If you are one of the millions Americans who live in a manufactured (or mobile) home, you may have wondered what would happen if you fell behind on your home loan payments. That all depends on whether your home can be characterized as personal property or real property. If a court would consider your home to be real property, your state’s foreclosure procedures would apply. If, on the other hand, a court would designate your home as personal property, your lender could use self-help repossession or sue you to recover possession of the manufactured home.
The terms "mobile home" and "manufactured home" are often used interchangeably. However, there is a difference between mobile and manufactured homes.
In 1974, Congress passed the Mobile Home Construction and Safety Standards Act. This Act directed the U.S. Department of Housing and Urban Development (HUD) to set federal construction standards for mobile homes. All mobile homes constructed after June 16, 1976 (the effective date of the HUD standards) must have a HUD label certifying that the home has been inspected and constructed in compliance with the Act.
Congress enacted public law 96-399 on October 8, 1980, which officially changed the name of this type of home from “mobile home” to “manufactured home.” As a result, the term “manufactured home” is typically used to describe a home that is constructed pursuant to the HUD construction and safety standards, whereas the term “mobile home” refers to homes built before June 15, 1976, when the federal standards took effect.
In almost all states, manufactured homes are initially considered personal property. Once the home is placed on land, however, the question of whether the home is personal or real property arises.
The first step in figuring out whether your manufactured home is real property or personal property is to see whether your state has a statute that governs. Your state likely falls into one of the following categories:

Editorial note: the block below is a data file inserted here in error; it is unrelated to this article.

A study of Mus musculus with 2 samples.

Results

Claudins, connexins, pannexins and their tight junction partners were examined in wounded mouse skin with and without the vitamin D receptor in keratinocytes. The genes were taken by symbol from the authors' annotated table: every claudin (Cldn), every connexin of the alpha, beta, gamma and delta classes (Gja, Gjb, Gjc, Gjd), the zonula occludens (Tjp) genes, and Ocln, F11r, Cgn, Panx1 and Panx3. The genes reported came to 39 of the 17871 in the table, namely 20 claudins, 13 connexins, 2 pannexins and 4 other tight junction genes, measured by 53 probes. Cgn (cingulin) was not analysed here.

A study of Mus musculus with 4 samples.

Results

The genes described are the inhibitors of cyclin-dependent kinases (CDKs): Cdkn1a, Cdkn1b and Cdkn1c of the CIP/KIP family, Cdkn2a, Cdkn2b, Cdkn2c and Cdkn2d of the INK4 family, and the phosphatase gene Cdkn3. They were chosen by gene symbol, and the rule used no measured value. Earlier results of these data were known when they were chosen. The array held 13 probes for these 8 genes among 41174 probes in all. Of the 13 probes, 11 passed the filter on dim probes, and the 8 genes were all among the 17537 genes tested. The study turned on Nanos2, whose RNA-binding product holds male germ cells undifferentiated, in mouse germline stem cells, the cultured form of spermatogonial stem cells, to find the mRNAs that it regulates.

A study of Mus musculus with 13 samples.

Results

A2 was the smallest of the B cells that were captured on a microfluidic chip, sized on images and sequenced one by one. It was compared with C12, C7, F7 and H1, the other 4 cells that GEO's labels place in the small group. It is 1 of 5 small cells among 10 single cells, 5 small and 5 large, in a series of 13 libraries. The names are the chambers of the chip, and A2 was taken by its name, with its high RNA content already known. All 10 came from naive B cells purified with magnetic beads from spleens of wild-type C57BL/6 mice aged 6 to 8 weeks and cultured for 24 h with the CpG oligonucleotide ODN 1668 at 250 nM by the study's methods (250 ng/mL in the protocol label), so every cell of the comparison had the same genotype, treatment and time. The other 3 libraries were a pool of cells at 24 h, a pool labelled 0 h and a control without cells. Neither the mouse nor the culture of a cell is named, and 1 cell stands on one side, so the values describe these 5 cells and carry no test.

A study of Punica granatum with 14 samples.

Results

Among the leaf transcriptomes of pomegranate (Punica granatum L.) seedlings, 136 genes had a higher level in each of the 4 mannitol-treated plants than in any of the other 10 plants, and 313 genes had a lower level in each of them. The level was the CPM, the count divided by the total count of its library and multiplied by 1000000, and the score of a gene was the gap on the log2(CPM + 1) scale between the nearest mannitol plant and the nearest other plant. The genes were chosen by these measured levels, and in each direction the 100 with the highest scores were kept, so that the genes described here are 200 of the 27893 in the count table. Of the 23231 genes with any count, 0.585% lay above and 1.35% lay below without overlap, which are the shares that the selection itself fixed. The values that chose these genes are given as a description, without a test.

To learn how to research your state’s statutes, follow the tips in our article Finding Your State’s Foreclosure Laws.
If there is no statute that governs the conversion of a manufactured home to real property, courts will evaluate the connection between the manufactured home to the land the home sits on. The relevant question is whether the home has been modified and attached to the land to the extent that it should be considered part of the real property. Courts will look to the following factors:
Also relevant is the intent of the homeowner and whether the homeowner owns both the manufactured home and the land it sits on. If the homeowner intended to connect the home to utilities (for example, the homeowner contacted the utility company and requested a start date for service) but had not yet done so, courts will still use this as evidence that the manufactured home is real property. Some courts will also use the fact that the homeowner owns both the manufactured home and the underlying land as evidence that the manufactured home is real property.
If your state has a statute that dictates whether your home is real or personal property, simply having a clause in your manufactured home loan documents specifying otherwise won’t be sufficient. But if it’s unclear whether your home is personal or real property, a court will give weight to such a clause.
Only by figuring out whether the manufactured home is personal property or real property can a lender and borrower know what process must be used by the lender to recover the home on the event of the borrower’s default.
If your manufactured home is real property in the eyes of the law, your lender should have recorded its security interest in your home in your local county’s land records and, in the event of your default, your lender must use your state’s foreclosure procedures. (To learn what the foreclosure process is in your state, click the link for your state in our State Foreclosure Laws page.)
If your manufactured home falls under the legal definition of personal property in your state, the repossession procedures set out in Article 9 of the Uniform Commercial Code (UCC) must be followed by your lender. Although the UCC allows lenders to choose between self-help repossession or replevin (a lawsuit to recover goods) to retake ownership of security in the event of a borrower’s default, self help is allowed only if there will be no breach of peace, or public disturbance. It’s unlikely that a lender would be able to take ownership of an occupied home without breaching the peace, so by default most lenders will be required to sue the borrower to recover the manufactured home. The process by which a lender can retake possession of personal property serving as security for a loan in default will be set out in your state’s statutes.